Richard Ottaway's Scrap Metal Dealers Bill is still under debate as the Third Reading takes place in the House of Commons this week.

If the Bill is passed, it will bring in tough but fair reforms to the industry, replacing the out of date laws that allow scrap metal trading without regulation.

The police have carried out tough enforcement and deterrent operations in recent months, with positive results, but these resource intensive initiatives are not sustainable in the long term.

Richard Ottaway, MP for Croydon South, said: “For too long the cash-in-hand and no questions asked culture in the scrap metal industry has allowed criminals to ply their trade under the cloak of anonymity. As a result of this largely unregulated £5.6bn industry – up to £1.5bn of which thrives tax-free because of a lack of honest record keeping – our transport, energy and telecommunications infrastructure is under constant threat.”

The Energy Networks Association (ENA) and MPs are calling for this legislative change as fresh attacks on our nation’s memorials and heritage are matched by the death of individuals engaging in the theft of dangerous electricity cables.

There have been over 4000 incidents of metal theft against the energy networks so far this year and a recent incident this summer saw a young man and his father attempting to steal copper cable from a wooden pole by cutting it down. The young man received fatal electrical burns and his father, also burnt, fled the scene. When being treated in hospital the father initially denied all knowledge of the death of his own son.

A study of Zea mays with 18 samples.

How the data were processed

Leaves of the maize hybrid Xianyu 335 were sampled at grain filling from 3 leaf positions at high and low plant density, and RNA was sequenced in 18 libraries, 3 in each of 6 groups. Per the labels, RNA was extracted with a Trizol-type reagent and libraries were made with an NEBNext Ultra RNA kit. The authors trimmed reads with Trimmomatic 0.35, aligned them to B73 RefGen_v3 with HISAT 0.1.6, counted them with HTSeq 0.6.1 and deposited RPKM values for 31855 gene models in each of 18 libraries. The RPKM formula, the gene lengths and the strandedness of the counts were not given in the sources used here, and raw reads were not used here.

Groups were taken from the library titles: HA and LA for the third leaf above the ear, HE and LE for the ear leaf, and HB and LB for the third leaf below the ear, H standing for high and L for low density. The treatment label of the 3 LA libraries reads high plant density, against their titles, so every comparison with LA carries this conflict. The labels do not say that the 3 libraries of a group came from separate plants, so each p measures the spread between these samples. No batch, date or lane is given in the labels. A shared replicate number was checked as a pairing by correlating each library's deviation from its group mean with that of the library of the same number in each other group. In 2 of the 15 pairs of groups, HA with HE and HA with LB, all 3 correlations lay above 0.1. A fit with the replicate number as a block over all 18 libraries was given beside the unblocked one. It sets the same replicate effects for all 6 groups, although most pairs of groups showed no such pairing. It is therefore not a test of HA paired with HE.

Last week, a Second World War memorial plaque was stolen in Brentwood, Essex, just as the nation prepares to remember those who have given their lives in the service of the country on Remembrance Sunday.

Chief executive of the ENA David Smith said: “The continued death of individuals and the risks to innocent people alongside the disgraceful and vile theft of a war memorial, especially at this time of year, show how vital it is that the Scrap Metal Dealers Bill is passed without hindrance next week.

“This is about enshrining effective and fair principles to tackle a dated and ineffective law. It has the support of the industry it will impact on and will deal a tough blow to criminals. If this is not addressed for the long term, sooner or later an innocent life will be lost and questions will be asked of those who stood in the way of it.”